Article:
Key personnel officials identify obstacles to federal hiring reforms

Human capital officers give high marks to OPM Director John Berry, according to a report prepared by the nonprofit Partnership for Public Service .
Human capital officers give high marks to OPM Director John Berry, according to a report prepared by the nonprofit Partnership for Public Service . (Juana Arias - Juana Arias/ftwp)

President Obama's ambitious plans to reform the federal hiring process are in danger of being stalled by a corps of personnel staffers who are not equipped to do the job.

That's one jarring conclusion from 68 government chief human capital officers presented in a report that the Partnership for Public Service (PPS) planned to issue on Wednesday.

The "competency of HR workers" is one of seven "major obstacles to building a first-class federal workforce" identified by the officers, known as "CHCOs" (pronounced "chicos").

It's not that the human relations professionals are incompetent. They don't have the training or the technology needed to keep up with a quickly changing workplace.

Kathryn Medina, executive director of the Chief Human Capital Officers Council, said there are "unprecedented efforts by [the Office of Personnel Management] to train and educate federal agencies across the country on the reform initiatives."

The council, in partnership with OPM, "is working to deliver a federal-wide HR University to address the issue of training our federal workforce on critical skills and competencies," Medina added in an e-mailed statement. "The CHCOs themselves will decide where the training focus needs to be, and [will] groom and develop the next generation of HR professionals capable of handling the complex issues we face today and in the future."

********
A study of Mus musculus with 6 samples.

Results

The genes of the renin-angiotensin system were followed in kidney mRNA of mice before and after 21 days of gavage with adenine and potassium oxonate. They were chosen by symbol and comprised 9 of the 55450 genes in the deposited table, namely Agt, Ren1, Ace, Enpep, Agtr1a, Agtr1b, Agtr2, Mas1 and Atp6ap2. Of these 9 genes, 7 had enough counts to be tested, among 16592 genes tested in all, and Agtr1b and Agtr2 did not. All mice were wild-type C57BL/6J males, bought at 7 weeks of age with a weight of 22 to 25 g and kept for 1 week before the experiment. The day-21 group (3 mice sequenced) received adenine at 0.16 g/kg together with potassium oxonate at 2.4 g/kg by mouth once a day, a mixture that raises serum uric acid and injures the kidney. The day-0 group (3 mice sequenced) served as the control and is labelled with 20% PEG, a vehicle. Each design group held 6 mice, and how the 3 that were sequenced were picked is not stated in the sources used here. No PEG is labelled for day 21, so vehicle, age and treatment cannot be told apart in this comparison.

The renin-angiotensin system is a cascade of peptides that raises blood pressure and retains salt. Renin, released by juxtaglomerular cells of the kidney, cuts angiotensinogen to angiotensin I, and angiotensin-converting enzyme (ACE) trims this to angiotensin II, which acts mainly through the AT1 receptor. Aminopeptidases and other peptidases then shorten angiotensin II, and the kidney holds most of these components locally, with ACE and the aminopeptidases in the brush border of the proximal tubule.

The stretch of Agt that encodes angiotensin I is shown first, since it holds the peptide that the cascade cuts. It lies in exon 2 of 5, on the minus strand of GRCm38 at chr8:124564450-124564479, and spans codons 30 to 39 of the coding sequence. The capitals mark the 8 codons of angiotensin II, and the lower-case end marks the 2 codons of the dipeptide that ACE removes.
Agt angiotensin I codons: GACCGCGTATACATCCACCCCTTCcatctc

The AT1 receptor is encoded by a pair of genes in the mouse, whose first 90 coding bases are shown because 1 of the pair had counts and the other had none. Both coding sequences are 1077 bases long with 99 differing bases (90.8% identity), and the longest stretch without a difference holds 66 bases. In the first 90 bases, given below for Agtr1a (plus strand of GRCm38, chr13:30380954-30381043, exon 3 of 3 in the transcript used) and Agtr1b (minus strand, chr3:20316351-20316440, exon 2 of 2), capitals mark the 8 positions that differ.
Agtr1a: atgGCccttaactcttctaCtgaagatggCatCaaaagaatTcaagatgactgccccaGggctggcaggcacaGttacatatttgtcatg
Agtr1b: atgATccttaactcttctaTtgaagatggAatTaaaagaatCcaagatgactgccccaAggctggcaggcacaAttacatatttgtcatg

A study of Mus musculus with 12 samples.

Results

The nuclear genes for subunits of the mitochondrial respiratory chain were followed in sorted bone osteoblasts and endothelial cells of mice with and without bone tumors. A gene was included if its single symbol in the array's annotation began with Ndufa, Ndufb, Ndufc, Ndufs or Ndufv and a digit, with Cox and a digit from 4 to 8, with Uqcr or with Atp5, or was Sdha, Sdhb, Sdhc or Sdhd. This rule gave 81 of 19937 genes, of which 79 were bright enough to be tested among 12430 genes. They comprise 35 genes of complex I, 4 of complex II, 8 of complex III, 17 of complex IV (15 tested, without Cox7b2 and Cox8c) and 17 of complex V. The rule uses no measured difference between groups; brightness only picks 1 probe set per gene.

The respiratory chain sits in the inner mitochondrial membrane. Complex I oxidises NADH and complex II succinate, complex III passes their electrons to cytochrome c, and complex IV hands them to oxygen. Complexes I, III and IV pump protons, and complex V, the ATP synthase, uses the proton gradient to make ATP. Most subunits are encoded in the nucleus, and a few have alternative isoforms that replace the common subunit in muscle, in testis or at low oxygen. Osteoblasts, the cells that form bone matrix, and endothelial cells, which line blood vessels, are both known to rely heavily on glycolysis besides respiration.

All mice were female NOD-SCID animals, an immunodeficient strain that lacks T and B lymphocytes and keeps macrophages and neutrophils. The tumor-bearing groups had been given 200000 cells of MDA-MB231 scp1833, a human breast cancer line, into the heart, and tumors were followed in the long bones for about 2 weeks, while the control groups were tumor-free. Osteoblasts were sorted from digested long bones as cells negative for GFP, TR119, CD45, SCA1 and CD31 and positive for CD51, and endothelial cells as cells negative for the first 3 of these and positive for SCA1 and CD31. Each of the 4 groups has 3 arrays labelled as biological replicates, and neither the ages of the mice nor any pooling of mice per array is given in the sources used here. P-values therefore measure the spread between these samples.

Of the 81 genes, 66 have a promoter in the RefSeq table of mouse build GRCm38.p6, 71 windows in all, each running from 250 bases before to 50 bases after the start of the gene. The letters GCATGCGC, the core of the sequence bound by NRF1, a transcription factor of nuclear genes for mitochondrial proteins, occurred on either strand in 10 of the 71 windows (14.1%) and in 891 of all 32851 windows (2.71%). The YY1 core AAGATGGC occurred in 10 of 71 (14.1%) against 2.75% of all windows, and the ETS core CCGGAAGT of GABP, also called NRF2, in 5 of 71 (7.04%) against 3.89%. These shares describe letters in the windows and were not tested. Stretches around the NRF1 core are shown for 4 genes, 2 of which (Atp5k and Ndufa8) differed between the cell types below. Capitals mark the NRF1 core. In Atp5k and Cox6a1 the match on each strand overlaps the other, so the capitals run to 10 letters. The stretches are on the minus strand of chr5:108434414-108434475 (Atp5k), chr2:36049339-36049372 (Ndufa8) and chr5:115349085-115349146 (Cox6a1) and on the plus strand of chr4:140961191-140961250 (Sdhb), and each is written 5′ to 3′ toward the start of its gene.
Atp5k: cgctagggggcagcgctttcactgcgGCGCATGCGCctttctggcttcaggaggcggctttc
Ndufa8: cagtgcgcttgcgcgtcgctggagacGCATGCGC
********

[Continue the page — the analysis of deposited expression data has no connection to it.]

Although the CHCOs fully support administration plans to overhaul the government's dysfunctional hiring process, "they expressed strong doubts that the human resources community, the very people who will be on the frontlines seeking to implement the hiring reform plan, are up to the task," the report says.

The HR bosses fear that new requirements coming with hiring reform could place their staffs even further behind.

"In fact, they believe the situation may get worse with new demands and expectations driven by the administration's hiring reforms and other initiatives," according to the PPS, a nonprofit organization that focuses on the federal workforce. (The PPS and The Washington Post have collaborated on projects in print and online.)

The reform efforts flow from a presidential memorandum Obama issued in May. It called for a major overhaul in the way the federal government hires. Among other things, federal agencies are moving to a résumé-based system, instead of one that relies more heavily on applicant essays. Agencies also will be required to keep in touch with candidates on a regular basis, rather than letting them go months without hearing anything, as has been common.

In addition to the competency of HR workers, obstacles identified by the CHCOs are hiring practices; federal pay, classification and performance-management systems; a sometimes tense relationship between OPM and other federal agencies; the leadership abilities of federal managers; substandard information technology systems; and labor relations.

John Palguta, a PPS vice president, interviewed the CHCOs between November 2009 and May 2010. He noted that they express a high degree of agreement with administration objectives concerning key personnel goals related to hiring, pay, collaboration with unions, veterans and diversity.